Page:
Mynheer

Related to Mynheer: Plashy

Myn·heer

also Men·eer  (mə-nîr′)
n.
1.
a. Used as a courtesy title before the name of a man in a Dutch-speaking area.
b. Used as a form of polite address for a man in a Dutch-speaking area.
2. mynheer also meneer Informal A Dutchman.

[Dutch mijnheer : mijn, my (from Middle Dutch; see me- in Indo-European roots) + heer, lord (from Middle Dutch here).]

Mynheer

(məˈnɪə)
n
a Dutch title of address equivalent to Sir when used alone or to Mr when placed before a name
[C17: from Dutch mijnheer, my lord]

Myn•heer

(maɪnˈhɛər, -ˈhɪər)

n.
1. the Dutch term of address corresponding to sir and Mr.
2. (l.c.) a Dutchman.
[1645–55; sp. variant of Dutch mijnheer=mijn mine1 + heer lord, sir, Mr.; see Herr]
References in classic literature ?
I cannot say anything about it myself, as I have no personal acquaintance with Mynheer Bowelt."
The chief of the deputation of the burghers was then heard addressing an interpellation to Mynheer Bowelt, whom he requested to let them know where the other deputies, his colleagues, were.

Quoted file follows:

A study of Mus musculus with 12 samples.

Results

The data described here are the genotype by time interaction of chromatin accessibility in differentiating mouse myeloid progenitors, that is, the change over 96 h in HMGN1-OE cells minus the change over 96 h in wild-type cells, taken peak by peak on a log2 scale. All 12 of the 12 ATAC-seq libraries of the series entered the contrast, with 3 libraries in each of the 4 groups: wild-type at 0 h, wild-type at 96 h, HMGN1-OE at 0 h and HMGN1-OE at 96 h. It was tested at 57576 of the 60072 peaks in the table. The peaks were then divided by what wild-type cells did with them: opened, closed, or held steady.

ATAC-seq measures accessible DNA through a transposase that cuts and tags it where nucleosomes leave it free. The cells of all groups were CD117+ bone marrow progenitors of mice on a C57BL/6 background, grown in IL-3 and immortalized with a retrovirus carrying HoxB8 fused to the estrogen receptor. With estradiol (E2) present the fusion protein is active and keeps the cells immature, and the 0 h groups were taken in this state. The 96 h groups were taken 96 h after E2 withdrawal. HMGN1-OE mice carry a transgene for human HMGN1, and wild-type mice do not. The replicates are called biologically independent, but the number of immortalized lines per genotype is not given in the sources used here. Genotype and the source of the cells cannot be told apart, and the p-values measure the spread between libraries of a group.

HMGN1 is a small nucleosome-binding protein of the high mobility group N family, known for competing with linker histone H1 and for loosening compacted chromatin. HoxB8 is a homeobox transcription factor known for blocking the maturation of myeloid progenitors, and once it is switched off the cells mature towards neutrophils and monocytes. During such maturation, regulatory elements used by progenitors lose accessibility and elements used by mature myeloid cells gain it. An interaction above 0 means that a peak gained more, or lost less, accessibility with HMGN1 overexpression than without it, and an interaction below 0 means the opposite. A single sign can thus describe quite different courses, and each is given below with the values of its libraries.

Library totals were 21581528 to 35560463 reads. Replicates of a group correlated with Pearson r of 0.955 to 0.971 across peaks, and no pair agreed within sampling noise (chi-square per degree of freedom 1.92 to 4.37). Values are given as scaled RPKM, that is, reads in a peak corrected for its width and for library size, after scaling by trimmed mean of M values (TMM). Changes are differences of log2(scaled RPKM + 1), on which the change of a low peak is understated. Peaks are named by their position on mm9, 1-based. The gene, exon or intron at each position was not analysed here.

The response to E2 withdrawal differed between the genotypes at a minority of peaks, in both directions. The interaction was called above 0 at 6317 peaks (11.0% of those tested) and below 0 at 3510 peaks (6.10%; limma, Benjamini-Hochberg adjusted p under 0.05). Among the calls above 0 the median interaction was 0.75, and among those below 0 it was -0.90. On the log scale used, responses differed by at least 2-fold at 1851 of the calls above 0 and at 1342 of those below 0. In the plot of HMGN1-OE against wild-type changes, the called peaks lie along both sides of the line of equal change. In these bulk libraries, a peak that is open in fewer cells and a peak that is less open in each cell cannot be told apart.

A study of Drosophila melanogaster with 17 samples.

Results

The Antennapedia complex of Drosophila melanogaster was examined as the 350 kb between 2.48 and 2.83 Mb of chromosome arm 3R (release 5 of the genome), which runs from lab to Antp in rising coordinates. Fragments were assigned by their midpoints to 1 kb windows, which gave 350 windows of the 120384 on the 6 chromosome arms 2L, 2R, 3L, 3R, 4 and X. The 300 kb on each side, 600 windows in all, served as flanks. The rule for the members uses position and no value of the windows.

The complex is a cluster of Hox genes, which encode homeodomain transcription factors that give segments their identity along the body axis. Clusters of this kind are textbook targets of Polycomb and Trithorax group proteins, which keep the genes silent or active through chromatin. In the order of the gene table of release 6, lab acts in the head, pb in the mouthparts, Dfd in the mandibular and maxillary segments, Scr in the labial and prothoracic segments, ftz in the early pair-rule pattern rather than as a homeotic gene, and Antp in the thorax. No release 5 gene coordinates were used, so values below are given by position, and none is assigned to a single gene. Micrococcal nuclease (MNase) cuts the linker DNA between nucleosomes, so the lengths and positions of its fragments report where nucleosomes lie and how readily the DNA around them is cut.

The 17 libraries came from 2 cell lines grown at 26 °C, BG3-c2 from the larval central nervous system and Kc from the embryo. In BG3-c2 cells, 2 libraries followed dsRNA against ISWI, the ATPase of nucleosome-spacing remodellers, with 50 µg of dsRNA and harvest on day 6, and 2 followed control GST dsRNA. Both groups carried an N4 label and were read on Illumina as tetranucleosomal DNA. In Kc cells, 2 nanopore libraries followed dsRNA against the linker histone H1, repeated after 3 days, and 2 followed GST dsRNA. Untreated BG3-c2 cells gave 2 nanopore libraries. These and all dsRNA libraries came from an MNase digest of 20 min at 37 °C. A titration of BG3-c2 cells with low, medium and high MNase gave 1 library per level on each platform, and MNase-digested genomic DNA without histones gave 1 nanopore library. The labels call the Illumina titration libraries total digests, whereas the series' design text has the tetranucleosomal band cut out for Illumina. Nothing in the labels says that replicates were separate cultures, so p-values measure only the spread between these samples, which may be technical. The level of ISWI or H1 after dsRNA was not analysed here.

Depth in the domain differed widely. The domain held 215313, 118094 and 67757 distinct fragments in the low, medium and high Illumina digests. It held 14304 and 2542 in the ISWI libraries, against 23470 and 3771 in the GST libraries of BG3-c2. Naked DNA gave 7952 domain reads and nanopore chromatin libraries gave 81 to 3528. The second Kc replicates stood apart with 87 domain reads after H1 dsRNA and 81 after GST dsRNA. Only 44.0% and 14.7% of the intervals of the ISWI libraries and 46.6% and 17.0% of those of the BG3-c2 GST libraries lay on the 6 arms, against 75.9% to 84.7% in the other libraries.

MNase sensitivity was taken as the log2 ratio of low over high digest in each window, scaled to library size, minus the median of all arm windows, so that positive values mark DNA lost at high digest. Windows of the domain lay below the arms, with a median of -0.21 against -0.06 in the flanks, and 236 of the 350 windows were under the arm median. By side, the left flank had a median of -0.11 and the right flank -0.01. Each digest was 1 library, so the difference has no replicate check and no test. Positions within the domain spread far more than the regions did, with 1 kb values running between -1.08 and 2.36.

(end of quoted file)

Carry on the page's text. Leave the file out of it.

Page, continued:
"Gentlemen," Bowelt repeated for the second time, "I assure you that in this moment I am here alone with Mynheer d'Asperen, and I cannot take any resolution on my own responsibility."
Mynheer Bowelt wished to speak, but his words were not heard, and he was only seen moving his arms in all sorts of gestures, which plainly showed that he felt his position to be desperate.
This did not prevent him from undertaking the difficult task of haranguing the mob; but the mob preferred forcing the guard of the States -- which, however, offered no resistance to the sovereign people -- to listening to the speech of Mynheer d'Asperen.
"From this place we shall see them return with or without the order for the withdrawal of the dragoons, then we may judge which is greater, Mynheer Bowelt's honesty or his courage."
"Well, then," his Highness quietly remarked, "now I know what to believe with regard to Mynheer Bowelt's honesty and courage: he has neither the one nor the other."
"Now, then, Mynheer John, if I were in your place, I should not go out through the main street."
"If I were in your place, Mynheer John," the young girl timidly continued, "I should leave by the postern, which leads into a deserted by-lane, whilst all the people are waiting in the High Street to see you come out by the principal entrance.
The noise thereupon sounded through the windows of the hall, on the balcony of which Mynheers Bowelt and D'Asperen had presented themselves.
Mynheer Calf, too, becomes Monsieur de Veau in the like manner; he is Saxon when he requires tendance, and takes a Norman name when he becomes matter of enjoyment.''
The novel itself--its girth aside--is replete with figures of excess: Castorp's stay at the sanatorium grows from its initial three weeks to seven long years, lavish meals are served and consumed throughout the day, and excess is, of course, a hallmark of Mynheer Peeperkorn and the bacchanalians he oversees.